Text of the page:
WELLINGTON, New Zealand: New Zealand Prime Minister Jacinda Ardern has welcomed greater engagement of the U.S. in the Indo-Pacific region while noting that her government has "mature" relations with China that allow for disagreement.
Ardern made her comments to the U.S. network NBC news, adding that the U.S. has "an incredibly important role" to play in the region, saying, "We welcome that physical presence, being part of important talks in our region."
Next week, Ardern will host an online summit of Asia-Pacific leaders, including those from the U.S., China, and Japan, to discuss the region's recovery from the COVID-19 pandemic and the resulting economic crisis.
New Zealand has close trade links with China and has been lauded by Beijing as a model for relations with Western countries. For her part, Ardern said New Zealand will continue its policy of "integrity," with China.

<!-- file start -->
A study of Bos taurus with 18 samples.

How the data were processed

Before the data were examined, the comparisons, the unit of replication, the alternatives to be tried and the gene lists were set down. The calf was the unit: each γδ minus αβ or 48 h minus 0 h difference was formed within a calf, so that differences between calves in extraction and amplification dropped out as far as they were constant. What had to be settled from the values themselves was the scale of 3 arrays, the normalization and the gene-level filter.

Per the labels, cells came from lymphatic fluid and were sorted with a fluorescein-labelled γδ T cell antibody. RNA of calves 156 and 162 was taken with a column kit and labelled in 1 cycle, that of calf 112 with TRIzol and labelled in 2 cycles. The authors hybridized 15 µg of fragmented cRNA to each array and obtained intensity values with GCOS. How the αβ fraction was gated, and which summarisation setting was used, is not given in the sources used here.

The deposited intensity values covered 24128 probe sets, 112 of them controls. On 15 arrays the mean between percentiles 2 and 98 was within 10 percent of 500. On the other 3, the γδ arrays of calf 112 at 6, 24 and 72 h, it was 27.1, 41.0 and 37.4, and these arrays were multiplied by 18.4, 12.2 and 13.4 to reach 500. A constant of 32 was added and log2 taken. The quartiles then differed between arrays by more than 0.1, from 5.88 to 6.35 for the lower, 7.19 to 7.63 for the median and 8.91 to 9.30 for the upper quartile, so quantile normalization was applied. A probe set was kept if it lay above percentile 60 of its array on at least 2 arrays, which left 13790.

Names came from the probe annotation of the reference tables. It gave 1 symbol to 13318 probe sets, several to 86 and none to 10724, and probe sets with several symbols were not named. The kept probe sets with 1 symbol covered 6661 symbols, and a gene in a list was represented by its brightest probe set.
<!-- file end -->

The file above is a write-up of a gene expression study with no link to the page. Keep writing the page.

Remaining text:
"We do still believe that we have the maturity in our relationship to raise issues that we are concerned about, be it human rights issues, labour issues, or environmental issues," she added.
The relations between Australia, New Zealand's neighbour, and China have worsened since 2018, after Canberra banned Huawei from developing its 5G broadband network.
Relations were further strained last year when Australia called for an independent investigation into the origins of the COVID-19 pandemic.
In response, China imposed tariffs on Australian commodities, which the U.S. condemned as "economic coercion."
However, New Zealand claimed this issue has not affected its relations with China, and both nations upgraded their free trade agreement in January. But Wellington remains in agreement with Canberra over China's human rights issues.